By far, the type of disaster that costs businesses a huge amount of money on a regular basis is data loss. Think for a moment about the gigabytes (or terabytes) of information that are being stored on your work computers, tablets and other types of devices.
Now think about the devastating effect it would have if that data suddenly disappeared without warning. By understanding exactly what data loss is, you go a long way towards increasing your understanding of exactly what you need to do to prevent it.
Why Does Data Loss Happen?
Data loss can happen from an unfortunately large number of reasons, not all of which are easy to safeguard against. Hard disk drives will not last forever. Eventually those drives will break down and the small moving parts inside will fail, taking every last kilobyte of data on the drive along with them.
Most people already have backup and recovery measures in place to prevent this type of situation, but you always need to remember that your recovery process is only as good as the copy of the data that is being created. If the copy degrades over time for whatever reason (or wasn’t actually a high quality copy in the first place), you’ll fall victim to data loss.
Another common reason for data loss involves inaccurate backup and recovery procedures. If you’re only replicating your work hard drives once a week, for example, you’re setting yourself up for disaster. If your last backup was from Monday and you suffer data loss on the following Sunday, you essentially lose an entire week’s worth of document changes, new data and more.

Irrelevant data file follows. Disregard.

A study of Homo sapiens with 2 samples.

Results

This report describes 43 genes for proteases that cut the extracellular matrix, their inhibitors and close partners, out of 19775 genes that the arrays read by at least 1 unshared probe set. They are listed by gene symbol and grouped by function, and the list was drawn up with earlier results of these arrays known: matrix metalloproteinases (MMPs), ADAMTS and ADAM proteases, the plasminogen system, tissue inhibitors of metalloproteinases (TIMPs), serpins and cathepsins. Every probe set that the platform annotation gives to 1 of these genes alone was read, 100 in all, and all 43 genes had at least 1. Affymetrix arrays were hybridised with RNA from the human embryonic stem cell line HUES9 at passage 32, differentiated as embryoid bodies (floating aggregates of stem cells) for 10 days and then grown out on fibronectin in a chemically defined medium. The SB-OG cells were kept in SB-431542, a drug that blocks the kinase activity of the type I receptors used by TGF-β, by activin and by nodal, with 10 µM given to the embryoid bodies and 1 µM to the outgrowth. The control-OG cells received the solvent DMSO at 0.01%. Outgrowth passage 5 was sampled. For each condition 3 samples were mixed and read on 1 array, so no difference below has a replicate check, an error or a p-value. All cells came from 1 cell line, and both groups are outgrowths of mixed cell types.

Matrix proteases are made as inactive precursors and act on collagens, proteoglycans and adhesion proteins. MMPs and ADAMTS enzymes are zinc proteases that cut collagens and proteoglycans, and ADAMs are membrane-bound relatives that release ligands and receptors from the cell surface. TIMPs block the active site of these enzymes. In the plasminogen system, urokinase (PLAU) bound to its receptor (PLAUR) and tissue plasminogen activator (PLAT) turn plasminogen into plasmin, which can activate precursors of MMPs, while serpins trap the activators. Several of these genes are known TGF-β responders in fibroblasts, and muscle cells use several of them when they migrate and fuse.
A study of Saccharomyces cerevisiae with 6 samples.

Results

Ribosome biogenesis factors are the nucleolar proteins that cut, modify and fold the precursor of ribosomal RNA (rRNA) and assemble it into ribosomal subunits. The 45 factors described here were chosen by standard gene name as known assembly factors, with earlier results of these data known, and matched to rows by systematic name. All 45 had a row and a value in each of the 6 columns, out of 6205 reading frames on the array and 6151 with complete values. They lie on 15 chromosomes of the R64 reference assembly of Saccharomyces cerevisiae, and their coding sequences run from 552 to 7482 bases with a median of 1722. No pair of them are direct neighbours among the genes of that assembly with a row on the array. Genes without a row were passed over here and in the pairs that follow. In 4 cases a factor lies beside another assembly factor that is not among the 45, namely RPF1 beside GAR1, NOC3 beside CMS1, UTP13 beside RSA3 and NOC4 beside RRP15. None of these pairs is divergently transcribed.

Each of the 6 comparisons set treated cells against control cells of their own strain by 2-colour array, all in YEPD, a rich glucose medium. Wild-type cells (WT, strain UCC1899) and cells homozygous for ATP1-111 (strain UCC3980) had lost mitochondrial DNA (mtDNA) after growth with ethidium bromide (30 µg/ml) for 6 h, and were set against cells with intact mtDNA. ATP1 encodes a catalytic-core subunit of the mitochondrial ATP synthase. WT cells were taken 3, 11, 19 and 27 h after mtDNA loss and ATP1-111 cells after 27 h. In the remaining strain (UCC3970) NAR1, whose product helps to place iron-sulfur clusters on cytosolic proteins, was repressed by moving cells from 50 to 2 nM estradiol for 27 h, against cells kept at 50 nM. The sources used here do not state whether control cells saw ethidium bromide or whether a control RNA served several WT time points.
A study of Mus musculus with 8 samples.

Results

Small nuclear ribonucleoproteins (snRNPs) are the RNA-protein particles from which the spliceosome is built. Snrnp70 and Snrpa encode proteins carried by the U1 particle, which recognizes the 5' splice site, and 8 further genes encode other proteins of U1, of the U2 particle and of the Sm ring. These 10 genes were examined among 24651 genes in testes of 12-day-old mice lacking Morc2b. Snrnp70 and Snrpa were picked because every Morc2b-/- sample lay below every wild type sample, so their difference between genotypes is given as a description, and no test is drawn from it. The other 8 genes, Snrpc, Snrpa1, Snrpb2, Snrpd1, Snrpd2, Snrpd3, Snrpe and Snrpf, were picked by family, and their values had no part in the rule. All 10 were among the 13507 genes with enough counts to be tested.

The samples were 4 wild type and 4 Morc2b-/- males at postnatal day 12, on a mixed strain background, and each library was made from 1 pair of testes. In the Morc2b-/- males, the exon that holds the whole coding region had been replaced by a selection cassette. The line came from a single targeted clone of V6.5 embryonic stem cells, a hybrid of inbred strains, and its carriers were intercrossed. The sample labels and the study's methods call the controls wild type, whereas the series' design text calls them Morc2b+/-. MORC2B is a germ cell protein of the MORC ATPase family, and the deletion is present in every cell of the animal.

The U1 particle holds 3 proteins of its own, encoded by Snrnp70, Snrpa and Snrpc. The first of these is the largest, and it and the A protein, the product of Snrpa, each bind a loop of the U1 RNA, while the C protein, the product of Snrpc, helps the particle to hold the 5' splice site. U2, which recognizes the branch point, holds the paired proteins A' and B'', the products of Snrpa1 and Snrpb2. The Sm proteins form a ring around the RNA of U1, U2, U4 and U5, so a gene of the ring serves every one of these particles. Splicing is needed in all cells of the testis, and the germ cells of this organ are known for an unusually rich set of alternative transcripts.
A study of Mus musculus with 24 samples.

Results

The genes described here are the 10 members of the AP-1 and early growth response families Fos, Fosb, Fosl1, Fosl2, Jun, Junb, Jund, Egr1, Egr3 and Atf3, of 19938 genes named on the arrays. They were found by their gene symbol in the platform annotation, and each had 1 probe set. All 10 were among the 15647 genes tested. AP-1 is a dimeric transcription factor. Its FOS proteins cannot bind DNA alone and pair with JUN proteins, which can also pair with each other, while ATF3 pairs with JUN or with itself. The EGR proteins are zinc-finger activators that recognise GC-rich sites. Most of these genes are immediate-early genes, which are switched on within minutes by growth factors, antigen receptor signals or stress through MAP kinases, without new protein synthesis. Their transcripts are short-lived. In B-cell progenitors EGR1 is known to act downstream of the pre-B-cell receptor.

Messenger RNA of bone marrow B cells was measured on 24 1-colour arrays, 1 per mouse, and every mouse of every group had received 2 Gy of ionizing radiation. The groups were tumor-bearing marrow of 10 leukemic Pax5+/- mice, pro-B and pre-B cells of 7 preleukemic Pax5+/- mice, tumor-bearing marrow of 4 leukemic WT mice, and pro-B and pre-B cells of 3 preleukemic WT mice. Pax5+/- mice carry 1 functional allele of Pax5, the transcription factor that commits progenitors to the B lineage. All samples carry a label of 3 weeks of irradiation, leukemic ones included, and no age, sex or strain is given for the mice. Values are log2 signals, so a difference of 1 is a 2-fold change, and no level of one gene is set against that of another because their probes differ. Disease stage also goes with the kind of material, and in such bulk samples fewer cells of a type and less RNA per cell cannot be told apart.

Preventing Data Loss
If you want to make sure that you’re doing everything that you can in your organization to prevent data loss, you need to keep a few key things in mind.
For starters, creating good copies means not just selecting any backup, replication and snapshot program, but choosing one that will actually integrate with the applications you’re using. This will go a long way towards making sure that all data is backed up in the most valid state possible.
Secondly, you’ll need to make sure that you’re backing up all of your documents on the most frequent basis possible. Depending on the number of changes that you’re making, even once a day might not be enough. Utilize software that offers hourly backups for the best possible results.